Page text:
Curtis Roads: Purity (1994)
Purity is one movement of my composition Clang-tint. The point of origin of Clang-tint can be traced to December 1990, following a visit to an installation of photography by the Starn twins at the Akron Museum of Art. These works combined large prints and transparencies with wood, tape, and metal to create three-dimensional sculptures. Several aspects of this work struck me. These artists integrated “sampled” (photographed) imagery with unusual materials and innovative methods of construction. The unconventional bending, cutting, and framing techniques “spatialized” their photography in three dimensions.
In the hour following my departure from the gallery, I conceived a detailed design for a new composition. It would apply certain aesthetic concepts that I experienced in the gallery to the realm of sound. The primary source material for the composition would include sonic “photographs” or sampled sounds, as well as synthetic electronic signals. The spatial architecture of the work would be intimately bound with its inner form.
The piece would be organized in four contrasting movements, each concerned with a specific theme, and each with its own sound materials. The themes that I chose were: Purity, Filth, Organic, and Robotic.
Shortly after this experience, I received a commission for a composition from the Japanese Ministry of Culture and the Kunitachi College of Music. I decided that the realization of this new work, Clang-tint, would be an ideal project for the commission. Parts of the work were composed during residencies in Tokyo in 1991 and 1994, as well as my studio in Paris.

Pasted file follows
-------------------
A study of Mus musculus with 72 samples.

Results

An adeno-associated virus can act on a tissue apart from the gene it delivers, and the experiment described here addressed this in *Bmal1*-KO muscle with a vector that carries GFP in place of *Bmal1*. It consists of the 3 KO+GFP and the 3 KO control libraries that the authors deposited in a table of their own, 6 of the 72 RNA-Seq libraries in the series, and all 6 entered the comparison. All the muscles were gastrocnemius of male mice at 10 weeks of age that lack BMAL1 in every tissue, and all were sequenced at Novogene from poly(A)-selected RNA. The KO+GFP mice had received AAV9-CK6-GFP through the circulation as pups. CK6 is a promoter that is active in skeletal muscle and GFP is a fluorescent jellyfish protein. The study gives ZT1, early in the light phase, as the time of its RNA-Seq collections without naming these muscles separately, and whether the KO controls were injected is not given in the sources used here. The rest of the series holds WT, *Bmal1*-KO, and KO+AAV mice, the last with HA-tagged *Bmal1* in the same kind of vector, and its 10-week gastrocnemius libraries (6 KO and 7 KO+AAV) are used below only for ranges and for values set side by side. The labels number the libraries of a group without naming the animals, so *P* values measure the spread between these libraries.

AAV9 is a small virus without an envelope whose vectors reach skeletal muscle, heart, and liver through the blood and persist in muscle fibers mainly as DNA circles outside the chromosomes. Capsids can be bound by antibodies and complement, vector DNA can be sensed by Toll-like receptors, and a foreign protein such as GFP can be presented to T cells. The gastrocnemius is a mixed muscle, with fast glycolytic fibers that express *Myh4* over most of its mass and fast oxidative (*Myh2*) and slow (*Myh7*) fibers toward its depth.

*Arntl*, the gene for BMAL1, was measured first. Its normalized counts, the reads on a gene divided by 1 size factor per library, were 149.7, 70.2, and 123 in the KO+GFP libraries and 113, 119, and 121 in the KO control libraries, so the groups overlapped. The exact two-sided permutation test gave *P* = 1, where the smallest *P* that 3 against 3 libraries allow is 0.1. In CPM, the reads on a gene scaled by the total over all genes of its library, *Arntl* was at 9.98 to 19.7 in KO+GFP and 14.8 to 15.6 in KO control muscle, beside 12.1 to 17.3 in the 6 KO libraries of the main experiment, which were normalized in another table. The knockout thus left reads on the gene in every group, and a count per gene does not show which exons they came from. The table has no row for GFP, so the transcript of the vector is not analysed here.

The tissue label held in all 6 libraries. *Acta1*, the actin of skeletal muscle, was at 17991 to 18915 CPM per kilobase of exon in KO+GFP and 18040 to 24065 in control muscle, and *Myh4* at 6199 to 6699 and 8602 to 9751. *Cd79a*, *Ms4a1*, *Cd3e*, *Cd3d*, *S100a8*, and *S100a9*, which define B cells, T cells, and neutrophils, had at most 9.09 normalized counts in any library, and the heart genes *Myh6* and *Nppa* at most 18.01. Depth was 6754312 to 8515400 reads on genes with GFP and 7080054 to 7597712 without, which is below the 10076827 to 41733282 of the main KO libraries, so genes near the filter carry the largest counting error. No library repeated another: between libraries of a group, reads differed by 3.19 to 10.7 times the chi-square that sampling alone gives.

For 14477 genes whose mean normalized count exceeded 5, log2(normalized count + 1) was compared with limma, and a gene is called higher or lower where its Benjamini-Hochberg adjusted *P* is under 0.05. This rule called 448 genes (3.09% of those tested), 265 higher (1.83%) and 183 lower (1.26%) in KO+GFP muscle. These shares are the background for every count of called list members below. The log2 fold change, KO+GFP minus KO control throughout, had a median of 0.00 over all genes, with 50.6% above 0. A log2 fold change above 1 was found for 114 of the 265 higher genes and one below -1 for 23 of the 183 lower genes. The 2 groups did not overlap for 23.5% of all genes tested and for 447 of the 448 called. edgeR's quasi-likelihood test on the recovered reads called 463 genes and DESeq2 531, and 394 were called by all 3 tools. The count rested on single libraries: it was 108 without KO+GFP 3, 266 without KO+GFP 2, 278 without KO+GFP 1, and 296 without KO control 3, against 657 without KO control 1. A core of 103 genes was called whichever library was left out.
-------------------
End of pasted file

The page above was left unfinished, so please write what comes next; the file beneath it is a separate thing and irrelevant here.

Purity is the first movement of Clang-tint. It explores a simple musical world of sinusoidal waves and harmonies derived from a microtonal scale. It begins with a contemplative section, as if played on an organ. Over time, this material transforms into a vast open territory of sine wave arcs, echoing in space.
Purity took over a year to complete. I spent much of this time exploring the harmonic possibilities of the Bohlen-Pierce scale. This is a spiraling 13-tone scale, which cycles at the 3:1 ratio instead of the usual 2:1 octave. I was attracted to the expressive potential of this scale, which is both more sweet and more sour than the common equal-tempered scale.
The piece premiered at the Kunitachi school in April 1994. The French premiere took place in December of that year at the Messiaen Auditorium of Radio France using 48 loudspeakers of the Acousmonium sound projection system of the Groupe de Recherches Musicale.